Forum: texts Subject: Re: Searching for Periodicals

Well yes, I could, but then I'd have wasted even more of my time! My point was that users shouldn't be put to this inconvenience in the first place -- it's the job of the uploader to tag titles helpfully, by thinking about the effects of his/her tagging for likely search strategies. Librarians know (or knew) all about this, which is why they devised cataloguing rules a hundred or more years ago.

Forum: texts Subject: Re: Searching for Periodicals

Two things:

1. These books in particular came from Google. Google seems to have limited metadata info available for the public to access. This may be intentional.. but not sure.

2. Internet Archive has some sort of automated bot that is copying on the order of 500,000 to 1 million books from Google to Internet Archive. So, that's the "uploader/librarian" in this case.

So I don't think this is a case of a lazy individual or bad practices (on IA's behalf). Why isn't Google more forthcoming or accurate with its metadata is the question. My guess is Google as a commercial company makes money from metadata (searching), they don't want to give away the store.. but not sure.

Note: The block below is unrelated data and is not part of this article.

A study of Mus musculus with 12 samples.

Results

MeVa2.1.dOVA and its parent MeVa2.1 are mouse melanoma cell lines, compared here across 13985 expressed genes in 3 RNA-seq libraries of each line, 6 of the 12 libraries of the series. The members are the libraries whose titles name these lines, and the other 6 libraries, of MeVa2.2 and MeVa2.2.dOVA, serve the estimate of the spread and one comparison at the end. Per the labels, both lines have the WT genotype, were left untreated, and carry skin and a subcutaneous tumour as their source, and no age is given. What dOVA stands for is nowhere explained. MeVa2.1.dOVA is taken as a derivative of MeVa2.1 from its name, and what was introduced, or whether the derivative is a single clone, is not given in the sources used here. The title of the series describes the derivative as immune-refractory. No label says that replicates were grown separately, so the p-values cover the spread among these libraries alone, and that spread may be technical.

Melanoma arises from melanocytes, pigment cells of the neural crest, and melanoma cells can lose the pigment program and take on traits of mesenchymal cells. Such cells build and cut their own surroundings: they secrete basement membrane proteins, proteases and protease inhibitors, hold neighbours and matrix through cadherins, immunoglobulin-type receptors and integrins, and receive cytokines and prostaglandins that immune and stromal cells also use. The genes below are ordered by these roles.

Anyway, all this comes back to a commercial vs non-profit approach .. open vs closed .. This is just one example of the type of issues that come up when your dealing with a corporation that has all sorts of opaque motives and rules and regs. Is a darling of Wall Street the best Librarian? Probably not.


Forum: texts Subject: Re: Searching for Periodicals

I'm sure you're right, Stbalbach. Good tagging/cataloguing needs trained staff, and trained staff = money. I'm reminded of a certain music download subscription service I use, where tagging is often chaotic, with the result that all sorts of weird search strategies have to be used to find what they have by a given composer. They obviously don't see adequate and consistent tagging as being important to their "business model". Very irritating for an ex-librarian!